Recent changes to legislation mean that data protection law is something that agricultural businesses have to take seriously.

Biometric data, cookie identifiers, IP addresses – these technical terms relating to data protection seemingly have no relevance to the agricultural sector. However, recent changes to legislation mean that data protection law is something that agricultural businesses have to take seriously.

What is personal data?

Data protection law protects personal data. This means information relating to an identifiable living person – such as customer contact details, employee files and email addresses. For example, if you have a database of email addresses that you use to send out special offers to customers of your farm shop, you need to make sure that you comply with data protection law.


In May 2018, new legislation – the General Data Protection Regulation (“GDPR”) – came into force. It extends individuals’ data privacy rights and introduced a new culture of “accountability”. Penalties for breaches of the law increased to a maximum of 20 million Euros, and organisations are now required to self-report serious data breaches within 72 hours. This means that it is more important than ever to comply with the legislation.

Complying with the law

Businesses need to make sure that they can show:

  • a proper legal reason for holding and using personal data – such as the need to fulfil a contract or that they have the consent of the individual concerned;
  • that they are complying with the data protection principles – for example, that the data is up to date, that it is stored securely and that it is not kept for longer than is necessary;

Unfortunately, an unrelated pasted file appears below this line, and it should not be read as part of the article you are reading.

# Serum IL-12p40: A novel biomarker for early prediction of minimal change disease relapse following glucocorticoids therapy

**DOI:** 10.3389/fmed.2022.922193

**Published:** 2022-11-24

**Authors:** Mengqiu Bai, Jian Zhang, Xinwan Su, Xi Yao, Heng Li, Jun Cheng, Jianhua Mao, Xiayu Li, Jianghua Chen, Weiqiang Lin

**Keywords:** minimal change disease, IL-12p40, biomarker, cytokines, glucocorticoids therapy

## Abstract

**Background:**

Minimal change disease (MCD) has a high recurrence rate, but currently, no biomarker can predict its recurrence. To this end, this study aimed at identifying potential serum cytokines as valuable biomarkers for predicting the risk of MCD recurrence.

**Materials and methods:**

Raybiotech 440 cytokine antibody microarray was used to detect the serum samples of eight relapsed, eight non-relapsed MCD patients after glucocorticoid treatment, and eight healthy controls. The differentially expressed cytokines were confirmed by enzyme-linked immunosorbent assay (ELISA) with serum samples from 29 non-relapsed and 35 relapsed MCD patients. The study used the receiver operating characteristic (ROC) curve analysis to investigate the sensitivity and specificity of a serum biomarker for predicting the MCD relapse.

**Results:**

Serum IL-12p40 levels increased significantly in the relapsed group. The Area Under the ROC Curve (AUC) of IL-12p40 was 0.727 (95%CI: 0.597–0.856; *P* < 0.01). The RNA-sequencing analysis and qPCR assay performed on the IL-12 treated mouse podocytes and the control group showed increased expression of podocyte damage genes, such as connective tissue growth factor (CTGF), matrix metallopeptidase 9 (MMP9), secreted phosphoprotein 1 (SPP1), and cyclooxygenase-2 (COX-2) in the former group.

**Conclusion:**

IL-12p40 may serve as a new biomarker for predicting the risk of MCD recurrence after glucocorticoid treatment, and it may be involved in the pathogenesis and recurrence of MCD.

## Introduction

• that they are complying with the individuals’ rights – such as an individual’s right to see what data is held about them, the right to have their information erased, and the right to object to use of their data.

Top tips

To avoid hefty fines, agricultural businesses should now:

  • conduct an audit of the personal data that they hold and the reasons for holding it;
  • tell people what they are going to do with their data;
  • ensure that consent to processing data is recorded;
  • review their data security arrangements – use strong passwords on computers, encrypt portable devices, keep employee files in locked cabinets; and
  • ensure that staff have been trained in data protection law.

Organisations have to move away from seeing data protection as a “box ticking exercise” towards building a “culture of privacy that pervades an entire organisation”. The Information Commissioner has emphasised the business benefits of being perceived as an organisation which respects the privacy of individuals, and foresees that this issue could well play a role in consumer choice.

For further help or advice, please contact Partner and Data Protection Law specialist, Louise Connacher, on 0113 2802108 or

Please note this information is provided by way of example and may not be complete and is certainly not intended to constitute legal advice. You should take bespoke advice for your circumstances.